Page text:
FLT3/ITD mutations are among the most common in AML and are associated with adverse outcome. The addition of FLT3 inhibitors (FLT3-I) to cytotoxic therapy has provided improvements in outcome. We have previously shown that co-occurring mutations impact the clinical implications of FLT3/ITD, where those with NUP98-NSD1 fusions and/or WT1 mutations do particularly poorly (Figure 1A), regardless of ITD allelic ratio (AR). FLT3-I act on mutated and aberrantly activated FLT3, thus may be most effective in AML that is primarily driven by overactive FLT3 signaling. Given the significant overlap between FLT3/ITD and WT1 and NUP98-NSD1, we questioned whether response to FLT3-I may be modulated by these co-occurring variants.

The Children's Oncology Group phase III trial AAML1031 treatment arm for patients with high AR (HAR; >0.4) FLT3/ITD mutations evaluated the safety and efficacy of the FLT3-I sorafenib in combination with chemotherapy and hematopoietic stem cell transplant (HSCT). A total of 136 patients with HAR ITD were enrolled, 92 patients treated on the sorafenib arm (+SOR) with complete clinical and biologic (n=88) data available. An additional 42 patients were included in the primary randomization of +/- bortezomib and consolidation HSCT without sorafenib (w/o SOR). As equivalent outcomes were observed in the primary randomization, this cohort was combined for further analysis to serve as a control to evaluate outcomes of patients not receiving sorafenib. In addition to conventional karyotyping and mutational profiling (determination of the FLT3/ITD and respective AR by fragment length analysis), all patients were evaluated for NUP98-NDS1 by RNAseq and WT1 profiling by NGS or, hotspot sequencing of exons 7 and 9. Response to sorafenib was measured by 3-year overall survival (OS), event-free survival (EFS), and relapse risk (RR).

We compared outcomes for patients +SOR to w/o-SOR to according to co-occurring mutations, specifically NUP98-NSD1, WT1, and triple positive (TP; ITD/NUP98-NSD1/WT1). Patients treated +SOR experienced a combined OS of 62% vs. 68% w/o-SOR (p=0.562). Patients with ITD+/NUP98-NSD1+ disease (WT1+ patients excluded) treated +SOR and w/o-SOR had similar poor outcomes with 3-year EFS of 22% and 20% respectively (p=0.912; Figure 1B). Among patients treated w/o SOR, NUP98-NSD1+ had significantly inferior outcomes compared to NUP98-NSD1-negative (neg) patients (EFS: 20% vs. 65%, p=0.02). NUP98-NSD1+ patients had similar dismal outcomes +SOR treatment, and inferior to NUP98-NSD1-neg patients treated +SOR (p=0.015; Figure 1B). Thus, sorafenib treatment did not improve outcomes of HAR ITD+/NUP98-NSD1+ patients. Analysis of the impact of co-occurring WT1 mutations (NUP98-NSD1+ patients excluded) demonstrated that ITD+/WT1+ patients had an adverse outcome w/o-SOR (EFS 0% and RR 100%), which was significantly inferior to WT1-neg patients treated w/o-SOR (p=0.002 and p=0.003 respectively; Figure 1C). However, WT1+ patients treated +SOR had much improved outcomes with an EFS of 50% and corresponding RR of 27%, which was comparable to WT1-neg patients treated +SOR (Figure 1C). Thus, sorafenib treatment resulted improved outcomes for ITD+/WT1+ patients. Combining all NUP98-NSD1+ patients, TP patients experienced poor EFS of 23%, similar to 21% for ITD+/NUP98-NSD1+/WT1-neg. Thus, we show that NU98-NSD1 fusions drive the dismal prognosis, as ITD+/NUP98-NSD1+ patients, regardless of additional mutations, experienced significantly inferior outcomes compared to other ITD+ patients, including WT1+, that was not improved by treatment with sorafenib in combination with chemotherapy and HSCT (Figure 1D).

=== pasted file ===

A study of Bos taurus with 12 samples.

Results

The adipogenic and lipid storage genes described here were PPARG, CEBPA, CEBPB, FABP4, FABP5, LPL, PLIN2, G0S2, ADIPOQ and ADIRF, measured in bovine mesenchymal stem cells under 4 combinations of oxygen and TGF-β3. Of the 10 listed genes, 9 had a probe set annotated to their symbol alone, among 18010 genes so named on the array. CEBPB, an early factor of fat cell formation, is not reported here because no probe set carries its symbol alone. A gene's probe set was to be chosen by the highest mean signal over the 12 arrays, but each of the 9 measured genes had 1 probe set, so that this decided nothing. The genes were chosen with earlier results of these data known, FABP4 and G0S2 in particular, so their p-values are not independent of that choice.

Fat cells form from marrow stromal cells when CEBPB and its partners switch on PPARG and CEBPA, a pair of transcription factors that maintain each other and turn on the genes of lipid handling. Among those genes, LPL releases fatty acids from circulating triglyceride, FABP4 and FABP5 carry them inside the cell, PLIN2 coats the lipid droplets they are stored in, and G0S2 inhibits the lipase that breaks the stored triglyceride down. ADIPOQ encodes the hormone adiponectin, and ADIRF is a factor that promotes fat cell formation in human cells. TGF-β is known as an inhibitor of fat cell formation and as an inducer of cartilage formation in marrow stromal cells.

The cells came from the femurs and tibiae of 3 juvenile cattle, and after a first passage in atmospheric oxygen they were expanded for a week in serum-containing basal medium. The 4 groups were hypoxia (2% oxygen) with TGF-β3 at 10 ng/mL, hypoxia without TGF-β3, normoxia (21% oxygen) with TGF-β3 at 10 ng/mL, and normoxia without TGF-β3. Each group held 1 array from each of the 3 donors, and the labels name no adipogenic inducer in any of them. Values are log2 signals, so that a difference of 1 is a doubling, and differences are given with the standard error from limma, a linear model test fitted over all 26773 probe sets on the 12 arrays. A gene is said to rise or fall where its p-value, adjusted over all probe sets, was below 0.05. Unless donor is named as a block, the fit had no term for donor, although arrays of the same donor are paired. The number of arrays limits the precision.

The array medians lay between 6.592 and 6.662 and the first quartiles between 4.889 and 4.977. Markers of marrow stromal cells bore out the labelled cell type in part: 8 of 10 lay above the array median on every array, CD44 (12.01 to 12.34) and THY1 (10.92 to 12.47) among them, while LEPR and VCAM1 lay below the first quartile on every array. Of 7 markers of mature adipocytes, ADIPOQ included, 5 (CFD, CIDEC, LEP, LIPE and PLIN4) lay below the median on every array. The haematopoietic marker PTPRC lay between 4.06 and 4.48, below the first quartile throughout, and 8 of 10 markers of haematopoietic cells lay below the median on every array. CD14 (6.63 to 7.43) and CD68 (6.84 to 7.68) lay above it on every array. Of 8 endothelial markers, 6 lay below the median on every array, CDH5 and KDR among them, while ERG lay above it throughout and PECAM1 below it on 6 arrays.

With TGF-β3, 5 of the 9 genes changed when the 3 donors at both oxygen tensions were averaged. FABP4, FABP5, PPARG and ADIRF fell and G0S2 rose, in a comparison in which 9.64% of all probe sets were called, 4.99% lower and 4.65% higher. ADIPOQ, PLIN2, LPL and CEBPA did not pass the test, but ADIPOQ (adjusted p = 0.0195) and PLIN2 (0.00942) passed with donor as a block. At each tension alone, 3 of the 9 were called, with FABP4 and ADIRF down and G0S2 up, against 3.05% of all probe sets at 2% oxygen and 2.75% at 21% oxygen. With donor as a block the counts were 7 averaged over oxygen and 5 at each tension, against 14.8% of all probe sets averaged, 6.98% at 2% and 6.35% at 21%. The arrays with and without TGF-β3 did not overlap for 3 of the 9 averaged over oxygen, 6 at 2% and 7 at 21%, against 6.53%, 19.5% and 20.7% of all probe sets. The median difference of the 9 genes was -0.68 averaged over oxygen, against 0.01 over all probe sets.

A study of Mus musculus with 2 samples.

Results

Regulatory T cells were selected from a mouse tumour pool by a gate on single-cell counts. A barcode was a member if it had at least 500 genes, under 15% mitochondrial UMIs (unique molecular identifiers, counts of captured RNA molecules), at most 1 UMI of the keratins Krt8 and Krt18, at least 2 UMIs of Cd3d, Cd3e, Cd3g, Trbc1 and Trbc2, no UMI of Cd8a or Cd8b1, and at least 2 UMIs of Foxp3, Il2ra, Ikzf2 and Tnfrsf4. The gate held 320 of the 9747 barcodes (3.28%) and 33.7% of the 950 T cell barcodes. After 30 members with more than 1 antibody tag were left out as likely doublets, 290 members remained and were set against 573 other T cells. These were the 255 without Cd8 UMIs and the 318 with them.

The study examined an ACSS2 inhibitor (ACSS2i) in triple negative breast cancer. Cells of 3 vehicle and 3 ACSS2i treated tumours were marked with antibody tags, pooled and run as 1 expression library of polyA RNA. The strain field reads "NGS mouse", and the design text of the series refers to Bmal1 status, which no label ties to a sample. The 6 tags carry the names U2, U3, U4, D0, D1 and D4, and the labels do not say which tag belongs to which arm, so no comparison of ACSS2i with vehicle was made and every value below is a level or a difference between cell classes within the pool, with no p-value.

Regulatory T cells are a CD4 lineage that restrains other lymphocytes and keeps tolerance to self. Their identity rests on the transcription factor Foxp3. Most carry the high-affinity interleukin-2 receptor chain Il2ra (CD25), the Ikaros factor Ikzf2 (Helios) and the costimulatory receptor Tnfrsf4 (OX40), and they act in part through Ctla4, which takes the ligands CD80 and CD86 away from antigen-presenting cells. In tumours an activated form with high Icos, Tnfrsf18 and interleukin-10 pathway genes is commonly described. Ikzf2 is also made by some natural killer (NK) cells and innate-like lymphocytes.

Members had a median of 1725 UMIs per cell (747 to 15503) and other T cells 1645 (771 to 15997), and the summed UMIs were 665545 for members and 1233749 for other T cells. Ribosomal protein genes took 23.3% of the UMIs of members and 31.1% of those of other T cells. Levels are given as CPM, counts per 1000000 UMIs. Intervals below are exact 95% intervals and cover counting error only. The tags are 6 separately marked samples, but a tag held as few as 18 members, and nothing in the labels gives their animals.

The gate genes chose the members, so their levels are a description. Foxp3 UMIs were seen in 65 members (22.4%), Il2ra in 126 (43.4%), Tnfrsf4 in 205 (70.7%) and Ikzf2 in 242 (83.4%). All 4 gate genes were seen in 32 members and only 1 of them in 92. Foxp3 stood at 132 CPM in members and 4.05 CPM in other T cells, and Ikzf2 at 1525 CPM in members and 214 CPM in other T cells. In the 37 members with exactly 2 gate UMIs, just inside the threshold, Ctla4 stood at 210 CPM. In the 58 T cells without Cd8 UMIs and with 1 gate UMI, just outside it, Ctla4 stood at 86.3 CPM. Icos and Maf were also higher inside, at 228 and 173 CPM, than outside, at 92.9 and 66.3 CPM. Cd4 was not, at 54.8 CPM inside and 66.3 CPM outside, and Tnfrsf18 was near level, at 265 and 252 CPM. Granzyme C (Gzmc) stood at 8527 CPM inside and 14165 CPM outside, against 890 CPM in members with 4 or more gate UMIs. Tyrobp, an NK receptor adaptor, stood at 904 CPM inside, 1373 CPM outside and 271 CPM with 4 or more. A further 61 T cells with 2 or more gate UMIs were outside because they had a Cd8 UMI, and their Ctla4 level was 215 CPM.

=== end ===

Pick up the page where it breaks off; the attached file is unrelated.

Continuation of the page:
We show that sorafenib improved outcomes among the HAR ITD+/WT1+ patients, as this group of patients who did not receive sorafenib had very inferior outcomes, in line with previous findings for this poor risk cohort, while patients treated with sorafenib did much better with outcomes similar to other ITD+ patients. However, sorafenib failed to improve outcomes for NUP98-NSD1+ patients, further highlighting that novel therapeutic strategies will be needed for this group of patients. As the addition of FLT3-I is investigated in HAR FLT3/ITD+ patients, evaluation of its impact across patients with additional oncogenic mutations will be critical to determine which patients will derive the most benefit from this strategy.


No relevant conflicts of interest to declare.


Author notes


Asterisk with author names denotes non-ASH members.